Dementia: You Can Make A Difference

Watch the new Peabody Award-winning documentary “Dementia: You Can Make A Difference” by Firdaus Kharas of Chocolate Moose Productions, produced by the University of Ottawa’s LIFE Research Institute with funding from the Public Health Agency of Canada on the LIFE Research Institute’s YouTube channel. It is a compelling, award-winning, short narrative documentary featuring people living with dementia and their caregivers sharing their experiences. The documentary shines a light on the growing prevalence of dementia, the stigma associated with dementia, and the advances in research related to dementia. The video offers hope in a plea to get involved in research related to dementia.



Following Alzheimer’s Awareness Month, the director of the LIFE Research Institute, Dr. Nafissa Ismail, sat down with film director Firdaus Kharas to discuss the making of the video “Dementia: You Can Make A Difference,” which received two awards before it was even officially launched to the public.

What inspired the making of this video?

Firdaus discusses his personal motivation for the project, “I think I'm, of course, personally motivated because my father had dementia for many years. He was living halfway around the world. So, it was a difficult situation for all of us.” He discusses his stance on long-term care for people with dementia and the cultural dimensions of dementia. In the documentary, a number of conversations come up surrounding the different cultural aspects surrounding decision-making when it comes to having a loved one with dementia.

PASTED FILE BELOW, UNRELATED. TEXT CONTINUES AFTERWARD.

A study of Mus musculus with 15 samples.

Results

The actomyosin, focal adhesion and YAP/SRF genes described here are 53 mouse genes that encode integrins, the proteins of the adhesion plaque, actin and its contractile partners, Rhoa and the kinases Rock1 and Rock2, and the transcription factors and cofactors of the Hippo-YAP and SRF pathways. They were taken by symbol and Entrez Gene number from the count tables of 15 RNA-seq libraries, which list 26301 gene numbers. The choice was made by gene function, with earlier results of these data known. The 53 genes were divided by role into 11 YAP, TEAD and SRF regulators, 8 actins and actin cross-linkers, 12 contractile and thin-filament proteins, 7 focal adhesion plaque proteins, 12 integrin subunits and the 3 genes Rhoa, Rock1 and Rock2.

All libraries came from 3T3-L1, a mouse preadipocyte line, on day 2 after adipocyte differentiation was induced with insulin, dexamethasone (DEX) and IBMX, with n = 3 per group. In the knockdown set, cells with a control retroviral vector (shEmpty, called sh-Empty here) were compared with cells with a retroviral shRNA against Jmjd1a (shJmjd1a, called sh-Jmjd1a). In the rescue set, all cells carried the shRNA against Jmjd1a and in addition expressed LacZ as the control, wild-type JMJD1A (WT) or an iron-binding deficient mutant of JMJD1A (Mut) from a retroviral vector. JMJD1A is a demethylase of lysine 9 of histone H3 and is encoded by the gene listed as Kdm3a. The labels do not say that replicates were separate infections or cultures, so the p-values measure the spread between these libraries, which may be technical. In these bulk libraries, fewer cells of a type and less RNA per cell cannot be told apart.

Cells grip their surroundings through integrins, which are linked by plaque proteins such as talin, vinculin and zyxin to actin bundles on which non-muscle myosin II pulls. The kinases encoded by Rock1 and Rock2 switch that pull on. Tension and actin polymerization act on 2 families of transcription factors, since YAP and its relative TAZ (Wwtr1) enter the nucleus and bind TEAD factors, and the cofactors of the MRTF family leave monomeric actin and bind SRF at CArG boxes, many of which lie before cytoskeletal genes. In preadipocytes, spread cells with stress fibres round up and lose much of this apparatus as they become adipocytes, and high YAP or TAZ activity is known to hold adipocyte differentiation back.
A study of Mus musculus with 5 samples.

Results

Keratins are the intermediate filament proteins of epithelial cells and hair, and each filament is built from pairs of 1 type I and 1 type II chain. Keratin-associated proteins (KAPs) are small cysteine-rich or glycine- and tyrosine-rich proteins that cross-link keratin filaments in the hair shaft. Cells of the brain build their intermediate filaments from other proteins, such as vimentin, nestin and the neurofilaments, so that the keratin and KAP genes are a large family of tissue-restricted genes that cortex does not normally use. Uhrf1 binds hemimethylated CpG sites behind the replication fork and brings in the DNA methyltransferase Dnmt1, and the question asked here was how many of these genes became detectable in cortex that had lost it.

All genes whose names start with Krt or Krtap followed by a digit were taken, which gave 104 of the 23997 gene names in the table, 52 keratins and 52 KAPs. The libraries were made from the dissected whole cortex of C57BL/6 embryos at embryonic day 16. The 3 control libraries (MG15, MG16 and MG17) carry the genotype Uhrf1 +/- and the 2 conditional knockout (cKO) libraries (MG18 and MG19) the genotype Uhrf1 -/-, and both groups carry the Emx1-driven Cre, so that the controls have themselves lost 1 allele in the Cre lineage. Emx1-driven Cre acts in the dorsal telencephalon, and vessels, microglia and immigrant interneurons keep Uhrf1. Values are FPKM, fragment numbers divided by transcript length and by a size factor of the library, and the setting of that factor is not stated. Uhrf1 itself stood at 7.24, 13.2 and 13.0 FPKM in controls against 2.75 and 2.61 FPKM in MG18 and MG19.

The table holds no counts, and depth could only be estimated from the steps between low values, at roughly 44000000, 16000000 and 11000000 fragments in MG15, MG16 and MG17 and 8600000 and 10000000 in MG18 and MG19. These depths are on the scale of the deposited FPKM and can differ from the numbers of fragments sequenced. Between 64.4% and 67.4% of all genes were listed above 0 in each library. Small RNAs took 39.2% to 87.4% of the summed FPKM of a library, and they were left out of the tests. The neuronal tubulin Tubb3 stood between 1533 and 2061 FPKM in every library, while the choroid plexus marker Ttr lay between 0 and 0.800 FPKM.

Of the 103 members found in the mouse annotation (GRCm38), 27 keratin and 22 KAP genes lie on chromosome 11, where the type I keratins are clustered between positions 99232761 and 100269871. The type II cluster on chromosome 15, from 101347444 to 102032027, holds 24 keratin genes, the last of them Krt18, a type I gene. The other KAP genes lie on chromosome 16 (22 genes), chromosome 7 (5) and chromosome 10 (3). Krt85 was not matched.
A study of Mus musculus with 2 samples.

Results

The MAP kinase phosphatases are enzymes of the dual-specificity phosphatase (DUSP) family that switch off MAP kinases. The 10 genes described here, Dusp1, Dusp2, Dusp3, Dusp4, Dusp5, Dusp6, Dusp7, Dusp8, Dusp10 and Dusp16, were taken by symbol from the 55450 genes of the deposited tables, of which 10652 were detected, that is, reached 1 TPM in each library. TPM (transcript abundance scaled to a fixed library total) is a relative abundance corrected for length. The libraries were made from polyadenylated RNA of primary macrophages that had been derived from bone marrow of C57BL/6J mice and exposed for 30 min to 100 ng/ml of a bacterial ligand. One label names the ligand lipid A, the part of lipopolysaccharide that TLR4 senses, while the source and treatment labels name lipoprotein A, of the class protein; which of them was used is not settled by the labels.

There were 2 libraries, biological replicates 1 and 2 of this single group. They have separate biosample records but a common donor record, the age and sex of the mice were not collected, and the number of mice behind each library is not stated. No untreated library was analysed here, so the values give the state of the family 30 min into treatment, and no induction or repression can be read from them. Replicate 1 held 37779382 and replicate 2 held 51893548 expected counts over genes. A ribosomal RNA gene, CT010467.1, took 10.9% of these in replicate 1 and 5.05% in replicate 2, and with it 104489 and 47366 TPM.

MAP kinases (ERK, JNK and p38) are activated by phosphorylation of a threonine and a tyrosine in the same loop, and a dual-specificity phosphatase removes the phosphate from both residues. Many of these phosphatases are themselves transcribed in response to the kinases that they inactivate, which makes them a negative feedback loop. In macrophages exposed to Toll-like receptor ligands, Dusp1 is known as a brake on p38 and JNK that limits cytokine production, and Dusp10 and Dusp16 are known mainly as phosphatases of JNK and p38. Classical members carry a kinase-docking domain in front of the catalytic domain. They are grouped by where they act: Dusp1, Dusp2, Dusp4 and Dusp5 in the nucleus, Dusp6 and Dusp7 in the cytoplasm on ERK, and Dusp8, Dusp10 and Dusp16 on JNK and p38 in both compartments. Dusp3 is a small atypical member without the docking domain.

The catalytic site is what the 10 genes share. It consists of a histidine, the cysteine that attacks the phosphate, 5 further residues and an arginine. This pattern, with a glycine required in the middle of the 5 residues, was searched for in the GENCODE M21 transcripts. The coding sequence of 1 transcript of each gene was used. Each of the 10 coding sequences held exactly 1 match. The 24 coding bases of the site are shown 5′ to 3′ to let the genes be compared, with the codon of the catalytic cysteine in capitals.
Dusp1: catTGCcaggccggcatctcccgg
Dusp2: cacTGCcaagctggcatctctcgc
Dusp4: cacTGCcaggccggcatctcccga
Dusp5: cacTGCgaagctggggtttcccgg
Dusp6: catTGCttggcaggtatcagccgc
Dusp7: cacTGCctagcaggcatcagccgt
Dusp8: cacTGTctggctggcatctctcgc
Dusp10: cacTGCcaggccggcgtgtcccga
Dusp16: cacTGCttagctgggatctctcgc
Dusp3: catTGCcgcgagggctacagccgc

So, who was in this documentary, and why was it so important to hear from them?

Firdaus emphasized the importance of having people who live with the illness talk about their experiences with it, “I think that's very important to hear from people that actually are living through the process.” The documentary also includes discussions with various people who work in and around the field of dementia or who have otherwise been affected by the disease either because they have it or a loved one did.

These perspectives are from:

  • People who have been living with dementia for varying lengths of time for a first-hand perspective and understanding
  • Caregivers to people who have dementia
  • People working in the field of dementia to learn about the lack of information and misinformation that exists surrounding this topic
  • Researchers to learn about the recent developments in our understanding of the causes and prevention methods of dementia

If you're as inspired by this topic as we are, check out the full video on the LIFE Research Institute's YouTube channel.